Protecting Your Idea While Pitching It to a Company

So you have a great business idea? Well, hold on before you show it off to the wide-eyed corporates!

It’s not unusual for hundreds of great ideas for new products or services to make it to the market because of the lack of the means to enable that. So the conceivers of the idea often hunt around for a larger company to help them. Now here’s the important part- if you feel that your idea is so unusual and most importantly, novel; so much so that it’s patentable, it is highly advisable that before showing it off, you make the company sign a nondisclosure agreement promising you that it won’t steal it.

Of course you don’t know how to frame any such legal mumbo jumbo. So get a lawyer! Keep in mind that he’s experienced in your industry or at least your genre of product/service. Be very sure about what you want the agreement to contain. As a small fish in the pond, I would advise you to keep the terms and conditions slightly flexible so that it doesn’t repel the big companies away and at the same time it completely protects your idea from theft. Some agreements spell out exact monetary penalties if the signer is found to have breached the agreement, but of course, seek out this course if you are sure that you have a higher hand. These things matter. A lot.

Now here’s the dirty part. Without such a protection, winning a claim against infringement may be difficult. The Courts love evidence and material facts- the copy of your agreement is exactly that. Well, in case you do encounter a copycat, it may be worth hiring a lawyer in order to have the merits of your case investigated. If the manufacturer has replicated your product and packaging to the extent that it causes customer confusion or has copied something that is protected under Trademark or Copyright law, then you may have a strong legal case.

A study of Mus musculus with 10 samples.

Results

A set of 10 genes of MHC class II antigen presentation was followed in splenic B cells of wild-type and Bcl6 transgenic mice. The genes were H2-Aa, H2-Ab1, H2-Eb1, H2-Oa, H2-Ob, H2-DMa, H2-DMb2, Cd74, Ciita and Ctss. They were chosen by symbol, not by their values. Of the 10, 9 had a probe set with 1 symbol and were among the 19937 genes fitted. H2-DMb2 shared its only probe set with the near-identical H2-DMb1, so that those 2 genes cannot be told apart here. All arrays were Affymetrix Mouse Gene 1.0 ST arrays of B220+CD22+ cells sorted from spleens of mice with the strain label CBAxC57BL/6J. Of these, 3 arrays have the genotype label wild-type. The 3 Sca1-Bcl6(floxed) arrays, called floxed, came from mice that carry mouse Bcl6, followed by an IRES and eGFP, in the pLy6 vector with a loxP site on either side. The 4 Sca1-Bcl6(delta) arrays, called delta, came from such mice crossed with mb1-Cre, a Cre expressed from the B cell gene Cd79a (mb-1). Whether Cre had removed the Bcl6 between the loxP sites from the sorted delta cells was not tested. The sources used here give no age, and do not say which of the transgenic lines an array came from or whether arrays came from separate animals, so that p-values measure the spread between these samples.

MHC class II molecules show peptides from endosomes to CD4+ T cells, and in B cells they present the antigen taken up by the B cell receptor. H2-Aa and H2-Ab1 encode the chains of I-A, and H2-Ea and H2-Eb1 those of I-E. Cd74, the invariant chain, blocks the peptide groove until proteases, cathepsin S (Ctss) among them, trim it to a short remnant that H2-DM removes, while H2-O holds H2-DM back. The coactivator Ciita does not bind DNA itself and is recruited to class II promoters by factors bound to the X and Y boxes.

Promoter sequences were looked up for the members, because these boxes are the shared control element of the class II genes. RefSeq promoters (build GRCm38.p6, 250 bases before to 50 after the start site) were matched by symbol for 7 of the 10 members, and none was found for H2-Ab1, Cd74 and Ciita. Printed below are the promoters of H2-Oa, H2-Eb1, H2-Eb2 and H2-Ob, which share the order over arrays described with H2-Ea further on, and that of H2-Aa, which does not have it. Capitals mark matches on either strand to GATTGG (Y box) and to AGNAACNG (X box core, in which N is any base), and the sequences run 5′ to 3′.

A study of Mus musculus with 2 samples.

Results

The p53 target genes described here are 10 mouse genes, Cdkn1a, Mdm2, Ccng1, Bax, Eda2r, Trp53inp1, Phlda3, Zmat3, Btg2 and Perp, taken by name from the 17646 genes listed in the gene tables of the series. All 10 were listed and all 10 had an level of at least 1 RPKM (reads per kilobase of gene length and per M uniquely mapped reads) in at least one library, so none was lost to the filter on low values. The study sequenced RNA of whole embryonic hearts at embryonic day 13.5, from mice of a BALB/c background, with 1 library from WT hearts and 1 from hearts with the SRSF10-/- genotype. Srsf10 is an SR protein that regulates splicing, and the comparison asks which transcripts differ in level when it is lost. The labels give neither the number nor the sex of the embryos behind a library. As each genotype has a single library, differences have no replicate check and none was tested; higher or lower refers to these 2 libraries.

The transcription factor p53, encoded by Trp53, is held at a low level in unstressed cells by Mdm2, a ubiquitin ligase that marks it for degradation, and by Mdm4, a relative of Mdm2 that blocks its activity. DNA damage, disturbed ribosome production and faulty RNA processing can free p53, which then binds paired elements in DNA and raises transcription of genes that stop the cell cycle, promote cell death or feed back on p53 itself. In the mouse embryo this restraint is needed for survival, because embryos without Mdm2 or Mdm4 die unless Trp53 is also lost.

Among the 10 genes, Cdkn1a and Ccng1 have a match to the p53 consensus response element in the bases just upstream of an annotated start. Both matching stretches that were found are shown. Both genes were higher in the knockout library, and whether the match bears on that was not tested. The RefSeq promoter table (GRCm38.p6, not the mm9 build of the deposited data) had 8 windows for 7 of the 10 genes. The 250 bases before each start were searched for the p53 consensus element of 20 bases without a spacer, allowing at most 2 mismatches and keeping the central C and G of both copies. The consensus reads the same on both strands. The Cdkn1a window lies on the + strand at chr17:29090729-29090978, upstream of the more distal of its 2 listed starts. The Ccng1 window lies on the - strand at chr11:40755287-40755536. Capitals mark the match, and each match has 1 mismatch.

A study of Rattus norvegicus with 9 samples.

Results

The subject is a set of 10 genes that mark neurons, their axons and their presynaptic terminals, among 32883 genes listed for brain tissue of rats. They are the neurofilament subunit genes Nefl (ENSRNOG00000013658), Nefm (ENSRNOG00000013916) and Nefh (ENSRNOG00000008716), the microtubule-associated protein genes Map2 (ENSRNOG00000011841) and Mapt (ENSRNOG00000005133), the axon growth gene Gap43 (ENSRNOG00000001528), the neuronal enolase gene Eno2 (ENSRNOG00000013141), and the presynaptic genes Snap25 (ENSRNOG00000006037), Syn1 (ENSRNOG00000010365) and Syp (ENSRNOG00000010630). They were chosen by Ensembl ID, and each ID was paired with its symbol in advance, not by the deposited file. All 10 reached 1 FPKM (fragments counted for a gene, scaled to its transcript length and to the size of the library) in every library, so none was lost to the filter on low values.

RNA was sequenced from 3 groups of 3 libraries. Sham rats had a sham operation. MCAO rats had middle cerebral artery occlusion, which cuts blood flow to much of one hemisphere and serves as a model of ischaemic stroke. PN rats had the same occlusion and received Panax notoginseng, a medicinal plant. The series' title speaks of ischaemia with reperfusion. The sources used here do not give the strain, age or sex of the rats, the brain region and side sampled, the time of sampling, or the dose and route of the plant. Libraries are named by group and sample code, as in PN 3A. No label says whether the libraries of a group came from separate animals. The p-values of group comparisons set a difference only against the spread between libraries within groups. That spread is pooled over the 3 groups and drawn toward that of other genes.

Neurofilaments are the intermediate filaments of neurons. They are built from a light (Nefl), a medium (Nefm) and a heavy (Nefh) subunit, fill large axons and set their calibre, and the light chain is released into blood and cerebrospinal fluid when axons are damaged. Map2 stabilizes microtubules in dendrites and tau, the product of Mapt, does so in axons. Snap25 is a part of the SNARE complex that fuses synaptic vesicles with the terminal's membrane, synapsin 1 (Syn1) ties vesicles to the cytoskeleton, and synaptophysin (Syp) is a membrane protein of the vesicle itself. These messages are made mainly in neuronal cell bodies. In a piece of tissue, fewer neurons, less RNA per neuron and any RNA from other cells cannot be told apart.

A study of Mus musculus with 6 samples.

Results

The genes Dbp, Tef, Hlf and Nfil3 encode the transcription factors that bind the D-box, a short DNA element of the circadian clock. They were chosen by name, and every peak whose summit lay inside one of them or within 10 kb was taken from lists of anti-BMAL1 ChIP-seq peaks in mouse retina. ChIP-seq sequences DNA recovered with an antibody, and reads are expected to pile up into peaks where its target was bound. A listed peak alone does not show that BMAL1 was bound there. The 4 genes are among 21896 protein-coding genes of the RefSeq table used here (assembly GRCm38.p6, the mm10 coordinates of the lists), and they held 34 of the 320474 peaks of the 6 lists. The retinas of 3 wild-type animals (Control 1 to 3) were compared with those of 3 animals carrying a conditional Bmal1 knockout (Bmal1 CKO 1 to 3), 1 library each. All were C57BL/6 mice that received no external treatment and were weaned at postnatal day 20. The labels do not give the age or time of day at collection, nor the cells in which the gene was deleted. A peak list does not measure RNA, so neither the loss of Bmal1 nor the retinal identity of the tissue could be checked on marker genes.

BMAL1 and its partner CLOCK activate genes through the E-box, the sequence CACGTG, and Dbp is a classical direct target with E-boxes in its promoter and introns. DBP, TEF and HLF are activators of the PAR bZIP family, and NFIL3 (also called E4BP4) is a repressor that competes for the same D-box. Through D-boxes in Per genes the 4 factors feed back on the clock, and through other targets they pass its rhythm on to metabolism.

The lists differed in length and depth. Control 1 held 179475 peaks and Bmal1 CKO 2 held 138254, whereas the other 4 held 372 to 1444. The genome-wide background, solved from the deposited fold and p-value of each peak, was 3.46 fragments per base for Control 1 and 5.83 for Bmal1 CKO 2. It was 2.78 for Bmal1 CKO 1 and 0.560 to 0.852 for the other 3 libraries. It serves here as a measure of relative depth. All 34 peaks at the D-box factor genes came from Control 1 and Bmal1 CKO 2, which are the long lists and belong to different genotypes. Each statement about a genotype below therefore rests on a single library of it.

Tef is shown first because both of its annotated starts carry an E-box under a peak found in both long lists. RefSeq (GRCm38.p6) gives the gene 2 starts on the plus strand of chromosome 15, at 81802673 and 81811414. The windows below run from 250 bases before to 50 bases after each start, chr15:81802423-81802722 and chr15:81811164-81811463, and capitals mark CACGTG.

But let’s get practical. A company is more likely to change or alter your idea just enough to dodge any legal issues. And for a budding entrepreneur, it should be borne in mind that enforcing these legal protections in court can be repulsively expensive. So be very sure that you want to take this path. Weigh all your options.

Usually the lawyer sends a cease-and-desist letter, describing the nature of the offence and requesting the offender to halt his production and possibly pay damages. But if this doesn’t work, and neither do further negotiations, it’s lawsuit time!

Etch it in your mind permanently that a suit can cost a lot of money. Lawyers don’t work cheap and big players don’t let go easy. So in this David versus Goliath, you have to be extremely rational and not waste away money on legal fees for a lost cause, and especially your time that you could have given to your business. To collect any compensation in court, generally the burden is on you to prove that you suffered damages from the alleged infringer’s actions- some challenge if your sales are rising.

In the end, on a very practical note, the best way to protect yourself and your intellectual property is by being extra cautious about whom you share your idea with. It’s easy to spill out your ideas over a few drinks. Don’t. It is worth gathering information, opinions, references and contacts by conversing extensively with others in your industry before disclosing your concept to anyone.

Stay tuned, we will be subsequently writing on various procedures to get your idea protected under Copyright Act, Trademark Act, Patents Act, Designs Act etc.